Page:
Interview: Bambang Brodjonegoro
How will the government prioritise the reallocation of savings from the fuel subsidies cut to address the country’s economic weaknesses?
BAMBANG BRODJONEGORO: Savings from the new subsidy scheme will be allocated to infrastructure development, particularly basic infrastructure promoting food security, energy security and connectivity. Indonesia is the largest archipelago in the world and we must utilise our maritime transport potential. We need to improve connectivity on land as well, but we have allocated significant space for new seaports and we will improve capacity at existing ports, while increasing the fleet size. We are also working on a law to support domestic shipyards with fiscal incentives, and another priority is improving the social protection system and ensuring that the health insurance scheme is supported.
Through what means is the government looking to improve the disbursement of funds?
BRODJONEGORO: We revised procurement regulations to ensure that the process will be quicker than it has been in the past. Additionally, the government will also benefit from the new land acquisition law implemented in January 2015, which places an 88-day limit on the land procurement process. Following this period the government has the right to occupy and utilise the land for infrastructure projects. We also increased spending for state companies to carry out their own projects, especially within the infrastructure sector.
How could the decision to join the China-sponsored Asian Infrastructure Investment Bank (AIIB) help to alleviate Indonesia’s budgetary constraints?
BRODJONEGORO: To meet Indonesia’s infrastructure needs, relying on the budget will not be enough and may only cover the cost of basic infrastructure. Nor will it be enough to rely on funding from multilateral agencies like the World Bank and the Asian Development Bank, so the new AIIB will be critical. We still need to ensure the bank will meet global service standards, thus we have four or five working group meetings until operations commence. The AIIB will be utilised for support power plants, toll roads, railways and other projects not covered by the budget. Specifically, it will focus on medium to large-scale infrastructure projects and will help to meet our demand for power. We need an extra 35,000 MW over the next five years and I believe AIIB can assist in financing the projects to meet this.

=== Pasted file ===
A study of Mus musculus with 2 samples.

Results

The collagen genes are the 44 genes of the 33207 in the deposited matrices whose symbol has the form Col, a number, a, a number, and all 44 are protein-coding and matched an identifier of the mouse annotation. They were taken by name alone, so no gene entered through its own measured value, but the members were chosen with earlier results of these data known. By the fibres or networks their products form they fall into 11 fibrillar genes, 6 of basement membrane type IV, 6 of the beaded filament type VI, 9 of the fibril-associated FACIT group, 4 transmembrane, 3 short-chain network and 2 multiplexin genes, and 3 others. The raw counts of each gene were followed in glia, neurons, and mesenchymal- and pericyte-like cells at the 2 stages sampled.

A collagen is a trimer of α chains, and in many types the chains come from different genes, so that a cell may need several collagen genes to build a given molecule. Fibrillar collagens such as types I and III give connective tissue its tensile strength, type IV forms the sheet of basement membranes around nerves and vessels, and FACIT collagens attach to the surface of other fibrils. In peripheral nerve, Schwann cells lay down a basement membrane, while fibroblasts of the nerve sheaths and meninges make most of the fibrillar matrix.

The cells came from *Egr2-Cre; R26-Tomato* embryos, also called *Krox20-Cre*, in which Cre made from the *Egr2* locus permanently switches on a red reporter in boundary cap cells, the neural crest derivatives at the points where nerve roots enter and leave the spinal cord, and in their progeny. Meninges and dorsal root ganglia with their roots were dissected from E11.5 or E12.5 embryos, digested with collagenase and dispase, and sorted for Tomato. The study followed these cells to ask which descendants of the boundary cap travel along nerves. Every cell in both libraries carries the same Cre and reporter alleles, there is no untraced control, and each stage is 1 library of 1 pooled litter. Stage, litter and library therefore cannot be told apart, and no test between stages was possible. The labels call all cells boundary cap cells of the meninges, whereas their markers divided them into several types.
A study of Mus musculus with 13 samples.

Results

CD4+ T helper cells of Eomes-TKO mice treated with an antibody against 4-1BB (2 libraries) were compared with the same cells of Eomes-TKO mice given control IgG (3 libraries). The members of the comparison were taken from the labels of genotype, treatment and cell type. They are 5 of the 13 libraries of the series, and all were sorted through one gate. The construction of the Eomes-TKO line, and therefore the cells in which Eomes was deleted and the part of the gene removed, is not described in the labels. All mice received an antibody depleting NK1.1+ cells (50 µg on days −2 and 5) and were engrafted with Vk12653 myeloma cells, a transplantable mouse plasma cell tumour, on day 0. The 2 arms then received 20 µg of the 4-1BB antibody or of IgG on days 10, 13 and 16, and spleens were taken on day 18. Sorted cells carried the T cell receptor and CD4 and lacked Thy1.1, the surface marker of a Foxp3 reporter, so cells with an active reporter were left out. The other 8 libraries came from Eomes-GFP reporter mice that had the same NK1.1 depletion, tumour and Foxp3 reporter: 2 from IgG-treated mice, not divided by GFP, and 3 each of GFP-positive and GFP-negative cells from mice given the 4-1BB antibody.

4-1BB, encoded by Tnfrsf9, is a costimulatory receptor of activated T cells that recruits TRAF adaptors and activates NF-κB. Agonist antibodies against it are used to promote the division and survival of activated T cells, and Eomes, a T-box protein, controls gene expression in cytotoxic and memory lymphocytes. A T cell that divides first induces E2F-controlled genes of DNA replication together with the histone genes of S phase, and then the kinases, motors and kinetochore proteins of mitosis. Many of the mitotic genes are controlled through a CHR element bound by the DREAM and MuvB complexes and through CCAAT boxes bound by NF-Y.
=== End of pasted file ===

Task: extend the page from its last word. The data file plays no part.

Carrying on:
What strategies will you be using to ensure Indonesia’s tax system is both more effective and has adequate support from law enforcement?
BRODJONEGORO: We admit that we have underachieved in tax revenue performance, so in 2015 we will be focusing on improving taxpayer compliance. To achieve the 2015 tax revenue target of Rp1370trn ($113.24bn), we intend to be stricter in terms of law enforcement and will institute a joint team between the police and attorney general’s office to ensure cooperation and smoother revenue collection. We are also going to work towards expanding the tax base, which at 13% of GDP, is well below its potential. The ideal tax ratio, according to the President Joko Widodo would be 15-16% by the end of his five-year term in 2019.
What steps will be taken to mitigate fiscal uncertainty derived from external risks to the economy?
BRODJONEGORO: The exchange rate of the rupiah is a concern, but the more important thing is its stability. The government will be targeting policies to reduce the trade deficit, or increase the surplus, and also reduce the current account deficit, which will be critical for improving the value of the rupiah. While businesses in export-oriented industries will benefit from a weak rupiah, exports will not be the main source of growth in 2015. Rather, growth will stem from steady household consumption and private and public investment, and we expect to see economic growth of 5.5% to 5.8% in 2015. However, we must watch declining oil prices carefully, as they reduce commodities prices.